Coronavirus: How Swiggy is ensuring citizens stay indoors during the lockdown

Vivek Sunder, COO, Swiggy, speaks to YourStory’s Shradha Sharma about how the delivery service is ensuring India isn’t inconvenienced during the COVID-19 lockdown.

Years from now, the world will still talk about 2020 as the year a global pandemic forced people to confine themselves to their homes, and life as we knew it, and the conveniences we took for granted, changed forever.

Amidst the COVID-19 chaos, various service providers delivering essentials like groceries, medication, and food have become the fuel that keeps our daily lives running. At the forefront is India’s largest food ordering and delivery service Swiggy, which also started the delivery of essentials and groceries last year. As of March 2019, the Bengaluru-headquartered platform is operating across 100 Indian cities.

“We have proven to be a bit of a lifeline to a lot of people. I'm happy the government included what we do as an essential service. During this lockdown, several families with working couples, or young single people who have not been able to go home, or don’t know how to cook, have been heavily reliant on us. Your cook is not going to come and you can't go out to eat. We have kept a minority of our fleet active in doing the work that we do so that no one is inconvenienced,” says Vivek Sunder, COO, Swiggy.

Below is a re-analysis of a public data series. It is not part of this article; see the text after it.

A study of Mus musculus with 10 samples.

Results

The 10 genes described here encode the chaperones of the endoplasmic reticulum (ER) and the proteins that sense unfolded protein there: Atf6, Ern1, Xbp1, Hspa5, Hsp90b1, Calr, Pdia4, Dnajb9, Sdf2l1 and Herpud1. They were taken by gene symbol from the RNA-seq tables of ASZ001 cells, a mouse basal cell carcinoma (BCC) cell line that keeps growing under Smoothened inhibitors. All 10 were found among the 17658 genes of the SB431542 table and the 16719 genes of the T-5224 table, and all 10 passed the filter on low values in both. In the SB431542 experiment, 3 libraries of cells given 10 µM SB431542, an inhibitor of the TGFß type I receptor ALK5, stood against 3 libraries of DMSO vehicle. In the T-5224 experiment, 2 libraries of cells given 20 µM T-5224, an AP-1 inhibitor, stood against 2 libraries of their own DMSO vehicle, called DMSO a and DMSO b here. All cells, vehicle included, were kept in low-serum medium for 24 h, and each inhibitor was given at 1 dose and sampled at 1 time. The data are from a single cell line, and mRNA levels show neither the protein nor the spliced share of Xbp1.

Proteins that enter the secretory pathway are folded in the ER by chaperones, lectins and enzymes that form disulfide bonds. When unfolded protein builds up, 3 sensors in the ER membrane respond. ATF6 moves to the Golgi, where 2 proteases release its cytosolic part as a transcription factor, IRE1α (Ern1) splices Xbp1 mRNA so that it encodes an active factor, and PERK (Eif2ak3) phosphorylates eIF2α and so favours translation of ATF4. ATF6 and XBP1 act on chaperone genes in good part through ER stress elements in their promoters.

Speaking about the ways they have adapted to the stringent social distancing regulations imposed by the government, Vivek says customers would have noticed a  visible difference in how Swiggy delivery personnel operate.

“The executive would have been wearing a mask and gloves. If you had opted for ‘contactless delivery', he would have notified you to pick up the delivery from a clean place outside the house that is mutually agreed upon.”

Connecting to kiranas and supermarkets

Swiggy, which launched its grocery pilot before the outbreak, has also been successfully fulfilling orders from local kirana stores and select mid-range stores.

“With this lockdown, a  host of people who are tied to their homes are asking us to connect our fleet to the kirana store or the local supermarket. We have also had requests from the government, and are currently operating in about 10 cities and rapidly expanding,” Vivek says.

Vivek says Swiggy is doing its part to ensure that people stay safe during the lockdown. 

“There's so much inbound demand. If you take some of the cities like Lucknow or Jalandhar, we are making sure people follow the lockdown by sitting at home. They can just go to the Swiggy app and order from the neighbourhood kirana store. We are not looking at it in economic terms but in terms of how many customer problems we’re solving. So, even if it's just 3,000 people who ordered, that’s 3,000 people who didn't stir out and it's a good thing for the country,” Vivek says.